This week, I wanted to use my #asksteve feature to answer several questions I received via email regarding the Christian hypocrisy feature I posted last week. As I promised last week, this blog will not be turned into a social justice blog and this will be the last time I speak on this topic considering Kim Davis was released from prison yesterday. But, since I did receive the questions, I thought I would at least take the time to answer them.
- From reader Janelle (via email): You mentioned in your post on Kim Davis about the civil legal protections of marriage. What are you referring to exactly?
- Answer: I am referring to federal benefits or laws that were only afforded straight couples until same-sex marriage was made legal. Here are a few of the biggest ones. (1) Social Security – same-sex couples now benefit from spousal benefits that social security provides, including survivor benefits. (2) Health Benefits – Up until same-sex marriage was made legal, same-sex households were not able to get health insurance on their partner’s health plan. (3) Income Tax – Being able to file a joint return as married. (4) Inheritance Rights – Until same-sex marriage was made legal, long-term same-sex couples were not guaranteed inheritance of their dying partner because they didn’t have the legal protections (inheritance rights) that married spouses have. (5) Medical Decisions – This may be the most heartbreaking. Imagine a same-sex couple being together 30 years and one gets ill. Without the legal protections of marriage, the other person in the relationship would not be able to make medical decisions on their partner’s behalf and in some cases not even be allowed in the room because they would not be considered family. By being legally married, all of that has now changed. (6) Veteran Benefits – Same sex service members who are now married can participate in the VA benefits that service individuals and their spouses receive. There are a total of 1,138 federal protected benefits to marriage that all citizens can now participate.
- From reader Lois (via email): Do you yourself consider marriage a religious act?
- Answer: From what the United States considers legally married, no. In the eyes of the law, all marriages performed, even prior to the Supreme Court ruling was considered a civil marriage. Once the United States began issuing marriage licenses and registering marriages with the state and therefore providing the benefits listed in question one; that is all that is needed to be legally married. Let me turn it around. Let’s say you have an elaborate marriage ceremony in your church, performed by your pastor in front of family and friends but you never get a marriage license and that marriage is never registered with the state, then legally you are not married. That is why pastors/churches can never be forced to perform a same-sex marriage ceremony, because one is not even needed to be legally married under the law.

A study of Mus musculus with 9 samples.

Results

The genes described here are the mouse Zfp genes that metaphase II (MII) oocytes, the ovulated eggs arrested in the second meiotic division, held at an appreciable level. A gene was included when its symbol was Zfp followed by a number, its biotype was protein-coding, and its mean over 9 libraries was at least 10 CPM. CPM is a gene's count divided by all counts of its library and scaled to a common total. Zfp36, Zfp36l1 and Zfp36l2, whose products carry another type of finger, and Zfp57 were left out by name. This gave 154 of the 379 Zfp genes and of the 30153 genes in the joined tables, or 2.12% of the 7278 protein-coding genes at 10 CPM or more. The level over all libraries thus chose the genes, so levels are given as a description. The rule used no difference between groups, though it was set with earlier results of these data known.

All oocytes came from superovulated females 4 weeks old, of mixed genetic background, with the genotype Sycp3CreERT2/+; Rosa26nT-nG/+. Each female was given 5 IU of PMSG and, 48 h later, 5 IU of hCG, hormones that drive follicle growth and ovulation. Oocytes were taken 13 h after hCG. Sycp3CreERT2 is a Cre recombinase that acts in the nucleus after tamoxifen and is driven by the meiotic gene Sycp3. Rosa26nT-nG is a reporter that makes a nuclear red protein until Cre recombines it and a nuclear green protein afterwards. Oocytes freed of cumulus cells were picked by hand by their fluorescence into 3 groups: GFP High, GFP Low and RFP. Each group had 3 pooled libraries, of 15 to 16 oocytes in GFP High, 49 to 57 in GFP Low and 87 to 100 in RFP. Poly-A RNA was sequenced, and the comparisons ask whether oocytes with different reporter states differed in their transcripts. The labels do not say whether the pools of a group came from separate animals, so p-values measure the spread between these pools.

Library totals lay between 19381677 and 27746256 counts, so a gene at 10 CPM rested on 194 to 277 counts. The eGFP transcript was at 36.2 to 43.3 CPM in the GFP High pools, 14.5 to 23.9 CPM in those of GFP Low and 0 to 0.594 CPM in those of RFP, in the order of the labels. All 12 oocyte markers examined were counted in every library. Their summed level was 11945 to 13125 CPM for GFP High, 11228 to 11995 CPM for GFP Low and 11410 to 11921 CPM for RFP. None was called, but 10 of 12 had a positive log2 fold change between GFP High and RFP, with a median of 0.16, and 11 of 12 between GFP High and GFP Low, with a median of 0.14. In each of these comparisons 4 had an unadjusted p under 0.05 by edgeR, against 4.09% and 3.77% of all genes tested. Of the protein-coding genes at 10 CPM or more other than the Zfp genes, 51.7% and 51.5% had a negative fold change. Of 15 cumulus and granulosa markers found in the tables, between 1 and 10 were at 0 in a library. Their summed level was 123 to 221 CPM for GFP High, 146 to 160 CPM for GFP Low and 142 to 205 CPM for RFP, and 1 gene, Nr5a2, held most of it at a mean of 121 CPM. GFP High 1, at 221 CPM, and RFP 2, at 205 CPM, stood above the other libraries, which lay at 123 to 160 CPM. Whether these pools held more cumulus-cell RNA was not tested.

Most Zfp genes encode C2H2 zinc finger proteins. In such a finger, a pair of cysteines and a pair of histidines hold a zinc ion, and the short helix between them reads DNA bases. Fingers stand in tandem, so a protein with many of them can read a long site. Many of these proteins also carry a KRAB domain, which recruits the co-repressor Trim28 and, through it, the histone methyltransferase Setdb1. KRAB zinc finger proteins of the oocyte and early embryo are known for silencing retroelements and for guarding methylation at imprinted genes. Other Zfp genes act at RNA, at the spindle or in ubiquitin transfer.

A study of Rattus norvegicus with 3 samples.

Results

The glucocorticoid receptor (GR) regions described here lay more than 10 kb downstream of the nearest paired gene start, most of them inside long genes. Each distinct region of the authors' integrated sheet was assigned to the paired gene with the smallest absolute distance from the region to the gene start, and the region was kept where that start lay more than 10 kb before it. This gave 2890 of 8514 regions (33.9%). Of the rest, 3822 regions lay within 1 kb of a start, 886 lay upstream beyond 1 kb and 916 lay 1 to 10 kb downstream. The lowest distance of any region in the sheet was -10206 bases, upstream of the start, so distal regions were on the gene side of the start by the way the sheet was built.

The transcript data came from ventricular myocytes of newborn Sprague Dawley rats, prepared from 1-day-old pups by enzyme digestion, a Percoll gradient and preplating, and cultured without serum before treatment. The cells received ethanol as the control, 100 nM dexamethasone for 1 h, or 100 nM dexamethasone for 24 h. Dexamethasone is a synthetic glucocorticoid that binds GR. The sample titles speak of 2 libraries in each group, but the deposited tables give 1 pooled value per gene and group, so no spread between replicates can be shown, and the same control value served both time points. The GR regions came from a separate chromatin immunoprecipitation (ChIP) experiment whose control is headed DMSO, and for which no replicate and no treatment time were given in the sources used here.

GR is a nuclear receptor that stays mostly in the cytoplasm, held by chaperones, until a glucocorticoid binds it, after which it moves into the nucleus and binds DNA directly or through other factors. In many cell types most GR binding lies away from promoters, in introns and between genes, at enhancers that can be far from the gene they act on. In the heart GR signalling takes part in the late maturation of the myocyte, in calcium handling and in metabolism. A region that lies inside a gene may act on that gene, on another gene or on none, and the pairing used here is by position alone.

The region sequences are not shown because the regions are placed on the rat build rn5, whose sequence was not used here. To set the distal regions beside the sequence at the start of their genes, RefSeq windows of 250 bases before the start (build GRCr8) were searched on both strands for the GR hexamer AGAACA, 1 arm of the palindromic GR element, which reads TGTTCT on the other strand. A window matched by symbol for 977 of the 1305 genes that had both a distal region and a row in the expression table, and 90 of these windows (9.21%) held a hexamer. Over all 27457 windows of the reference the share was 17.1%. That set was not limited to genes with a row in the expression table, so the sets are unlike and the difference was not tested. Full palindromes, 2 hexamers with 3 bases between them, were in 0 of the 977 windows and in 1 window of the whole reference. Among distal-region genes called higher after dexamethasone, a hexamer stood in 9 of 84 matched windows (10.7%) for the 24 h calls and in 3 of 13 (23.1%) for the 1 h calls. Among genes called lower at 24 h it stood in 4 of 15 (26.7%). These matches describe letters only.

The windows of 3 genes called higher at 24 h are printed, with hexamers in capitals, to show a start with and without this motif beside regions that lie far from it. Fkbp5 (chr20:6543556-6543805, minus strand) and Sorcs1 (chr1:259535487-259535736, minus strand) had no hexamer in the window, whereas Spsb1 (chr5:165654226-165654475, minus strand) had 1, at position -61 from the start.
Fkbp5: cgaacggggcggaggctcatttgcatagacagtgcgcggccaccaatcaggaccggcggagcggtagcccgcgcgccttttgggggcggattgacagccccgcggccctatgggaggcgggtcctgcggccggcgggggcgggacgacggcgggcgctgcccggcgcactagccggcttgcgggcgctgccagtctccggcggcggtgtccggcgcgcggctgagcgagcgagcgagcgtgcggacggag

- From reader Shelley (via email): Do you actually agree with them jailing Kim Davis?
- Answer: Yes, only in the sense she broke the law. That is why I am confused why certain Christian folk are outraged and now claiming that Christianity is under attack and she was jailed for her beliefs. She was not jailed for being a Christian. She was not only held in contempt of court but also hit with abuse of power. While Kim Davis chose not to issue marriage licenses to same sex couples, she also advised all the assistant clerks that work in the office that they were not to issue licenses either, basically commanding them to also break the law. She can’t do that without consequence. Now that she is out of jail and plans to go back to work, the first thing she needs to do is make one of the assistant clerks responsible for issuing all marriage licenses going forward so she doesn’t run in to the same situation in the future. She wouldn’t have been sent to jail if she would have done this from the beginning, but she chose to abuse her position and therefore she suffered the consequences.
- From reader Neil (via email): How should we deal with the religious persecution problem?
- Answer: Not being able to say, “ew, look, gay, ew, icky, ew, gross” in a public setting/forum without being called out for it is not religious persecution. I think American Christians need to step back and take a breath and see what is happening to Christians in the middle east. Those folks are being executed by ISIS for being a Christian. Having to issue a marriage license, baking a wedding cake or serving an LGBT individual in your business (if you’re a Christian business owner) is not religious persecution.
**Now back to nothing but Southern Gospel music.